For nearly 30 years, Amelia Agbigay Baclig, known as "Mama Amy," cared for patients at Queen of the Valley Hospital in West Covina. But last month, the night nurse died from complications of COVID-19.
- As we told you at the top of the hour, more than half a million Americans have now been lost to COVID-19. Thousands, of course, right here in Southern California.
- Well, one local woman dedicated her life to helping others until COVID-19 took hers. KCAL 9's Harmela Aregawi has her story.
AUBREY JOY BACLIG: The doctor had given us a call saying, like, hey, we think your mom will pass away soon. And that was the most horrible call anyone can ever get.
It's been exactly a month since 63-year-old Amelia Agbigay Baclig passed away from COVID-19 complications. The beloved mother of three and grandmother of two was also a nurse adored by her colleagues. For nearly 30 years, Baclig was known as Mama Amy to the team at Queen of the Valley Hospital in West Covina.
MARY KONYALIAN: Her willingness to help her comrades, her nurses, especially the new grads. They viewed as their mother. I remember her beautiful smile. Her humbleness. You know, she had no arrogance at all.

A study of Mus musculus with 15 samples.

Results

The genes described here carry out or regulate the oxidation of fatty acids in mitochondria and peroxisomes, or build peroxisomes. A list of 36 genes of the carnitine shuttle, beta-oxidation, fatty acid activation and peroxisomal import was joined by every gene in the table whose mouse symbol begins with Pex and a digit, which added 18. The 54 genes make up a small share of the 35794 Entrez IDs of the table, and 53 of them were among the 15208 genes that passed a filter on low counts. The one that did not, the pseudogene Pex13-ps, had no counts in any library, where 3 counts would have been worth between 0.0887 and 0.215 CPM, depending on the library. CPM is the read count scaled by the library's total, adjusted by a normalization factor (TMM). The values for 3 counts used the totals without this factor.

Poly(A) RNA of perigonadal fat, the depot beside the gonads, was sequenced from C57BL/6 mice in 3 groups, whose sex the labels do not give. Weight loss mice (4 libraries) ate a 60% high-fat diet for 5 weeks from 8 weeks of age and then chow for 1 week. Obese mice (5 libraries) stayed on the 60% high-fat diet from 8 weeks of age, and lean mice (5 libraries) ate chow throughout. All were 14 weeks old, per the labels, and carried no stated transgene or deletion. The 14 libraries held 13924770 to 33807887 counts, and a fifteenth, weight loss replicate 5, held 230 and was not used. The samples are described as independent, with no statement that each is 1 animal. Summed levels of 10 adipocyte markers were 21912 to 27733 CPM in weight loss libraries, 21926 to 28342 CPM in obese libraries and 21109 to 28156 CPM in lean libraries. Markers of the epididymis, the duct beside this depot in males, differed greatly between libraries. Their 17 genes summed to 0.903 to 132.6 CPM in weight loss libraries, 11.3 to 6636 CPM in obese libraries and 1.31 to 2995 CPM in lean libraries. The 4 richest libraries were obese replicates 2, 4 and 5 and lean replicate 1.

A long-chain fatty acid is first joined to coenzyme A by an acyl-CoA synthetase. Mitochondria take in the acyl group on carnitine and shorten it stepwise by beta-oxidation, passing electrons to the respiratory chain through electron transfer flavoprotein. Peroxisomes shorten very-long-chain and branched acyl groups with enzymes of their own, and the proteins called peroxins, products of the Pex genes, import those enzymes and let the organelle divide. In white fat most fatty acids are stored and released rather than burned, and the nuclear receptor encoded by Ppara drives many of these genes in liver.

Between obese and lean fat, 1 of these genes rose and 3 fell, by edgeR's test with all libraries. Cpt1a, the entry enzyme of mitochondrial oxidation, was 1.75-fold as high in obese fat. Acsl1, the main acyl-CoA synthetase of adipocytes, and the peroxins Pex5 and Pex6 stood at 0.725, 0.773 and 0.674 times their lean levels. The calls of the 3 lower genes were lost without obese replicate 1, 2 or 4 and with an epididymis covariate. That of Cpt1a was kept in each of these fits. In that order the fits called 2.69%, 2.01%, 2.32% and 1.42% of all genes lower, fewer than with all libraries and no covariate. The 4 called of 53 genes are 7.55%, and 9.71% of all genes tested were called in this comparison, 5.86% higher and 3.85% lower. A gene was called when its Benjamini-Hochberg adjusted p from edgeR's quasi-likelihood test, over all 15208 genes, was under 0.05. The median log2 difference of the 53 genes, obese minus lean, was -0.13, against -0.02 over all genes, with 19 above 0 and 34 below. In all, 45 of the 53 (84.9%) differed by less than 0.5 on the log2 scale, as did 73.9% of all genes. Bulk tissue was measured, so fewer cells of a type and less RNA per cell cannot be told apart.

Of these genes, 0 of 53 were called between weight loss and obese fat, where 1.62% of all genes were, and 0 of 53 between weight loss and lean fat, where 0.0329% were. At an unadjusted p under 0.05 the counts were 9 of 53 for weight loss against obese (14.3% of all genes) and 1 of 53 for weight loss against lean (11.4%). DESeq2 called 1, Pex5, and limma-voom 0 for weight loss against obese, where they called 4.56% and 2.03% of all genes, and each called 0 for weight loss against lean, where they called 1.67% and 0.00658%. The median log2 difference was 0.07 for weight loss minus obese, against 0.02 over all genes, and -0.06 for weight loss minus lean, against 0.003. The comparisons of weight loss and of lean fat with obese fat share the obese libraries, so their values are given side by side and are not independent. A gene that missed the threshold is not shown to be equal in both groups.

AUBREY JOY BACLIG: Very humble, you know? And just kind of went about life in such a gentle way. And what I would want-- and people-- without me even saying, people remember my mom as that person. Her phone is still activated, and people still text me like they're texting my mom and saying, we miss you so much. You changed my life.
HARMELA AREGAWI: Baclig which was a night nurse for decades and took pride in taking care of others. Originally from the Philippines, she moved to the United States with her husband at the age of 27. They were together for 50 years. Their middle child Aubrey tells us the family was close-knit.
AUBREY JOY BACLIG: The experience literally turned our world upside down. I think it what hurt, too, was that we couldn't visit her. But luckily, by chance, two different times the doctor allowed my brother to go visit her.
HARMELA AREGAWI: Aubrey's older brother spent New Year's Day with his mother and saw her one other time before she went into the ICU.
AUBREY JOY BACLIG: Not being able to see her, not being allowed to be by her bedside and know that she was on a ventilator, it almost just, at the end, was like, oh God, like, we don't want her to suffer anymore. We don't want her to be in pain.
HARMELA AREGAWI: The family says they want Baclig to be remembered as the selfless person that she was, and they want to keep that legacy alive through what she's taught them. Harmela Aregawi, KCAL 9 News.